At 29 years old, Frenchman Alexi Pinturault has been recognized as the best four-event skier on the World Cup for the last half-dozen years. That he hasn’t won an overall title — or a title in his favorite discipline giant slalom — says a lot about the era in which he has skied. Ted Ligety thwarted his early attempts at a GS title, followed by Marcel Hirscher, who bogarted every title in sight until his retirement two years ago.
(For more insight on that, be sure to catch the coverage on the networks of NBC this weekend and through the end of the season where Steve Schlanger and I will be joined by Ted Ligety from his home in Park City, Utah, hopefully while his twins are asleep.)
With last year’s overall title winner Alex Aamod Kilde out injured, 2021 has been the year of the Frenchman. At the end of January, just before the world championship in Cortina, France’s most productive winner had amassed a lead of nearly 300 points in the overall and a 40-point lead in the GS standings. Then, the first domino fell. He let slip a dominant first-run lead at the World Championship GS when he crashed out in the second run, continuing his legacy as one of the best skiers ever without an Olympic or World Championship gold medal in his chosen specialties of slalom or GS. (He does have one in super combined.) It had no impact on World Cup standing … but did it invoke a sense of fate?
Fast forward to the final GS races of the season, and the wildly athletic Pinturault has lost a bit more ground in the GS title race by losing a pole in Bansko, Bulgaria, along with precious points in his quest for both titles. Meanwhile, the unbridled 23-year-old Marco Odermatt, of Switzerland, has been on a late-season tear, free of any obvious pressures. Not only did he close the gap in the GS standings to within 25 points of Pinturault, he defied the odds of a late number to win the most recent super G in Austria. In those three days of speed racing, Odermatt pulled within 81 points in the overall title race. Had the Swiss phenom not been sidelined by Covid during the parallel event in late November, it would be tighter still.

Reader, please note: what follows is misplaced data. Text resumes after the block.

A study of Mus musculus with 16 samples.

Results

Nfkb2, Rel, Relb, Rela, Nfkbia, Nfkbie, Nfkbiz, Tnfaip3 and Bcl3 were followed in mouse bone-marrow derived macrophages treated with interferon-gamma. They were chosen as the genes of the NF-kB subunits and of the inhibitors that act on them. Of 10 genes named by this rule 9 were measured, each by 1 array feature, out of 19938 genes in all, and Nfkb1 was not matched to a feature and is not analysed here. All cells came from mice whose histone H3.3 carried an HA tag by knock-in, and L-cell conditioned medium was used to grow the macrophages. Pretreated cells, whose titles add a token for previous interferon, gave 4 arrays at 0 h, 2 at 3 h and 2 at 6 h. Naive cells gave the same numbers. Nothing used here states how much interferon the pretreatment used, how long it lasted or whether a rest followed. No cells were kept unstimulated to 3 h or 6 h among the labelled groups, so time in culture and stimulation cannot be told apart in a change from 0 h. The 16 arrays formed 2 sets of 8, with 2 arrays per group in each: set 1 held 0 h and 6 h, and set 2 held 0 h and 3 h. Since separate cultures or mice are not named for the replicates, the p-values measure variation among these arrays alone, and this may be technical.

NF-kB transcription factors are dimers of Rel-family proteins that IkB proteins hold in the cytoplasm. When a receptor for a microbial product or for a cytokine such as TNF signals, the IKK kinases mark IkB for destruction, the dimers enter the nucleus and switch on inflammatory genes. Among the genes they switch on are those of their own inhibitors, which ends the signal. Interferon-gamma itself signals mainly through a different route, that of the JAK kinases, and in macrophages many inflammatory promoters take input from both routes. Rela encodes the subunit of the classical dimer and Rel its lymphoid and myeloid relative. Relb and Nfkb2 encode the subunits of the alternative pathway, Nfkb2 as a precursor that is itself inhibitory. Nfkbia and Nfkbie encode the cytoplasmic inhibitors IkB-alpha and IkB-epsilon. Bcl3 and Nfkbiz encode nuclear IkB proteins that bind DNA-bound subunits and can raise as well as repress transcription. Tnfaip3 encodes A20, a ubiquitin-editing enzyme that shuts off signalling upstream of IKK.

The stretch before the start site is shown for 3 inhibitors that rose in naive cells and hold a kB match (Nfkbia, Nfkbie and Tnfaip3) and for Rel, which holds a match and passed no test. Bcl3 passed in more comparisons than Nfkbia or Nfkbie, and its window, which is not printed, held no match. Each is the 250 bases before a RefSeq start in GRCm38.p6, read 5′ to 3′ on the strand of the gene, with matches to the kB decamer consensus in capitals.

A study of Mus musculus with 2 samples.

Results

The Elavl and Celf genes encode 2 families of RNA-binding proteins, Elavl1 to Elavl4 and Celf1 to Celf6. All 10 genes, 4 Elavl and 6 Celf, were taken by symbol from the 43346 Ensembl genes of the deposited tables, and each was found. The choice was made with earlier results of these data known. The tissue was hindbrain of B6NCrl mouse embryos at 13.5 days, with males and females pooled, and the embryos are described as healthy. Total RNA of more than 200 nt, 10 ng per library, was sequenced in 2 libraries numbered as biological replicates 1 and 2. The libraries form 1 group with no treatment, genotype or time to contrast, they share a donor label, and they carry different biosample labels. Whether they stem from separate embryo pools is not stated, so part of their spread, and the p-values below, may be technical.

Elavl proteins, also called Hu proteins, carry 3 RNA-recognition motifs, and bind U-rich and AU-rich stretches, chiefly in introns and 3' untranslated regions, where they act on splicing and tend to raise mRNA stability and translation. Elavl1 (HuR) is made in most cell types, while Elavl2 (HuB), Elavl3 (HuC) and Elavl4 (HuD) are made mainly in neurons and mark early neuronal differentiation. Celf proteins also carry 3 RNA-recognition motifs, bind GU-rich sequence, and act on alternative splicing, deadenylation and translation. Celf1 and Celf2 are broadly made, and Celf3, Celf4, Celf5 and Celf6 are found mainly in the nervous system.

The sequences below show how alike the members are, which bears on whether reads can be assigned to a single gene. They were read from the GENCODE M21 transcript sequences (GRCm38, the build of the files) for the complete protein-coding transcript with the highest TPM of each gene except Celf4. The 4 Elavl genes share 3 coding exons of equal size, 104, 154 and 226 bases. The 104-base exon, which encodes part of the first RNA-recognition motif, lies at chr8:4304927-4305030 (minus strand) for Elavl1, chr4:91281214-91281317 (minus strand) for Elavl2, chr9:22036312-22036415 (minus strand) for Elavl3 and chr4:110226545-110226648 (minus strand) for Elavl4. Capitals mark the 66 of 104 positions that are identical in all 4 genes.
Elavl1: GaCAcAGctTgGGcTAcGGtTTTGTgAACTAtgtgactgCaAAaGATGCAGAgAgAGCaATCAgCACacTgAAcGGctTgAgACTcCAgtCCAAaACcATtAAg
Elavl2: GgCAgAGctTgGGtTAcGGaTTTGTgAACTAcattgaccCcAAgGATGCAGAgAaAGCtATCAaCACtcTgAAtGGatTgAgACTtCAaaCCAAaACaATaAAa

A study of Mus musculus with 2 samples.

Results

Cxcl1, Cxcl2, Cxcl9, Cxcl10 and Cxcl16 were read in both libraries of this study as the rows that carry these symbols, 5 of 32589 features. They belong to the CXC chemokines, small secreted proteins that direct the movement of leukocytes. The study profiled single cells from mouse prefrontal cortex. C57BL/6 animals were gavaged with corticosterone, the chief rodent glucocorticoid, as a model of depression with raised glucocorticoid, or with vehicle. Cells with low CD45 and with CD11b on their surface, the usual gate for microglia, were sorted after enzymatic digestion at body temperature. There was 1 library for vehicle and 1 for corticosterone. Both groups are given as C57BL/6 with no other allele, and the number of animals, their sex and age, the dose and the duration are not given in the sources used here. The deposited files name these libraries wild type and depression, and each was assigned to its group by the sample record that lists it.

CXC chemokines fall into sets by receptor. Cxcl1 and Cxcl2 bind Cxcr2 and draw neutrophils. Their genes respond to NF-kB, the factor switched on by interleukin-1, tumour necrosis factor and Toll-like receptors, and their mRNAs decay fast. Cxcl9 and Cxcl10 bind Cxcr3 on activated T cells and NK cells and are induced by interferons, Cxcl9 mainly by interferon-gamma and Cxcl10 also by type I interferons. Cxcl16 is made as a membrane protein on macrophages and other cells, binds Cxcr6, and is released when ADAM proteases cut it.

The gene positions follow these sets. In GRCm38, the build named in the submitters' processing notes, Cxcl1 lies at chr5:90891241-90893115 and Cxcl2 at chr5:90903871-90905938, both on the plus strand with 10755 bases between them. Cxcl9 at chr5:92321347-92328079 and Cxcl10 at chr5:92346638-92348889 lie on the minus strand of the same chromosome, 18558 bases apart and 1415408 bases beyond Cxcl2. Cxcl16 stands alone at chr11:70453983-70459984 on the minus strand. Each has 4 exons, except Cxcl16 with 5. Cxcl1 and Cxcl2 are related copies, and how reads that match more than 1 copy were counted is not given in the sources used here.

Bottom line: Any breathing room Pinturault might have felt this season has been suffocated by Odermatt’s late-season form and possible cracks in his own confidence. The calendar still favors Pinturault with two slaloms remaining — an event in which Odermatt does not compete — two GS, one super G, and one downhill. But momentum is on the side of the Swiss.
On one hand, it is hard not to watch the athleticism and range of Pinturault’s skiing coupled with his 100% finish rate on the World Cup this season and not see how he deserves both a GS and overall title at this point in his career. On the other, you can’t help but notice the number of times he’s come up just short of cementing his name among the greatest of all time.
He has eight Olympic and World Championship medals but only the one gold in super combined. He has twice been second in the overall, and three other times, third. He has been either second or third in the GS title race every year since 2013, but never closed the deal.
That final winning move is akin to Mount Everest’s Hillary Step, nearly impossible to reach and all the harder to clear. With Odermatt coming, Aamodt Kilde returning, it’s hard to fathom just how rarified the air is around Alexi Pinturault in his final assault of the 2021 World Cup campaign.